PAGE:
As someone who lives in an apartment without a dishwasher, handwashing dishes has long occupied a not-insignificant portion of my day. And never more than lately, while sheltering in place. No matter how many meals I eat plateless, directly over the sink, the number of dishes that need washing has multiplied threefold. Only one thing has lightened the load: switching from sponges to dishcloths.
I have never been immune to the allure of an overpromising sponge, from the Dobie pad (not usable on nonstick surfaces) to the Scrub Daddy (his smile was never as useful as purported) to the blue Scotch Brite (fine, but part plastic). Longing for an eco-friendly alternative, I tried Trader Joe’s compostable sponges (too soft to properly remove food from dishes). The chief problem with sponges, no matter their construction, is that they all die young.
It was early during quarantine, drowning in my daily heaps of dirty dishes, that I resolved to take the plunge into dishcloths. I was aware of dishcloths — I’d tried the odd one in a hippie’s kitchen here and there, usually a dull cream color, like a crocheted bikini torn directly from a Coachella attendee. But I’d never purchased one myself. I turned to Etsy, where I found Unity Weaver, aka Lu Cook, a weaver based in Unity, New Hampshire. My dishcloth, a single 11-inch square of handwoven cotton, arrived quickly. Immediately and excitedly, I donned my Mommy Hands gloves and got started on a sink full of dirty dishes. The experience was, at first, disorienting and a little bit discouraging. The cloth was so much bigger and floppier than a sponge! My gloved hands found it difficult to grasp the cloth itself. And I couldn’t tell if dishes were getting clean.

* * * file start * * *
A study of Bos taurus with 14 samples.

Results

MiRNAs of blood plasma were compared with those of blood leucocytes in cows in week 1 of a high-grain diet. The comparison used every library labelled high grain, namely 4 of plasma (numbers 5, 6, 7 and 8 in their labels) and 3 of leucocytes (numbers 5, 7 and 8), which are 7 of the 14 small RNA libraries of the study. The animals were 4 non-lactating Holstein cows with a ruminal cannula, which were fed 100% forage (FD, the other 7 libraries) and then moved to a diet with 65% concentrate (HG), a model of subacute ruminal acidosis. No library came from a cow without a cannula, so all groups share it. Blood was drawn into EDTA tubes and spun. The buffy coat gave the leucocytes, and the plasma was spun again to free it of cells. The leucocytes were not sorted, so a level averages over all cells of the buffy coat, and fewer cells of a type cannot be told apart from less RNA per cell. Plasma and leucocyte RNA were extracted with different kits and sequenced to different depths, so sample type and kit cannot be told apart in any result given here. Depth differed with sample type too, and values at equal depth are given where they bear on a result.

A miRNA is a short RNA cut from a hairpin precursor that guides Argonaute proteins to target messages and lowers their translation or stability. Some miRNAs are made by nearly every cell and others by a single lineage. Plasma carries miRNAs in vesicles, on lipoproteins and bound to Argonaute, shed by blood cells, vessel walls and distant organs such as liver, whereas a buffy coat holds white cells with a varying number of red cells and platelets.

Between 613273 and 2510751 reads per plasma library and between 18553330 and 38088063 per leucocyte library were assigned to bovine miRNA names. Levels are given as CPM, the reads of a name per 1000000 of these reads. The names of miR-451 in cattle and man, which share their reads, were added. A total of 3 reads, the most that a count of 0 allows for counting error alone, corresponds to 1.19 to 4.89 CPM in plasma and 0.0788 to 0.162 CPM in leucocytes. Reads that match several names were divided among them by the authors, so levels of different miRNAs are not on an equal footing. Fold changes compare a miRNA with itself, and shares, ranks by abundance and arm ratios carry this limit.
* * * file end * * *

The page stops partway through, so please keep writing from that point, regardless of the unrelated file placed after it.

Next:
It wasn’t long, though, before I landed on a dishcloth technique that worked better than any sponge-wash ever had: Gloveless, I dip the cloth into sudsy water and rub it over each dish, letting its gentle bumpy texture remove stuck food. Then, I put on my dishwashing gloves, turn the water to scalding hot, and rinse the dishes clean. Finally, I wash the dishcloth with hot water, wring it out, and leave it to hang dry, which it does quickly and miraculously.
Dishcloths provide innumerable advantages over sponges — particularly their shape. A cloth can be bunched up to fit inside glasses. Or it can be spread to cover the curves of a bigger pot or bowl. Finding the perfect configuration (bunched, folded, splayed) is part of the dishcloth user’s delight. And once washed and dried, dishcloths are good as new — to be reused ad infinitum. As far as quarantine activities go, you could do worse than to swap your disposable sponges for dishcloths. According to Unity Weaver’s Etsy page, weaving the dishcloths has been Lu Cook’s way of staying occupied. Writes Cook: “During this corona epidemic I plan to continue weaving dishcloths, keep the price affordable and update available colors when they are ready to ship. Keep safe my friends!”
Not ready to spend $16 on a dishcloth and support an artisanal weaver? These gateway dishcloths aren’t bad and are three for $10.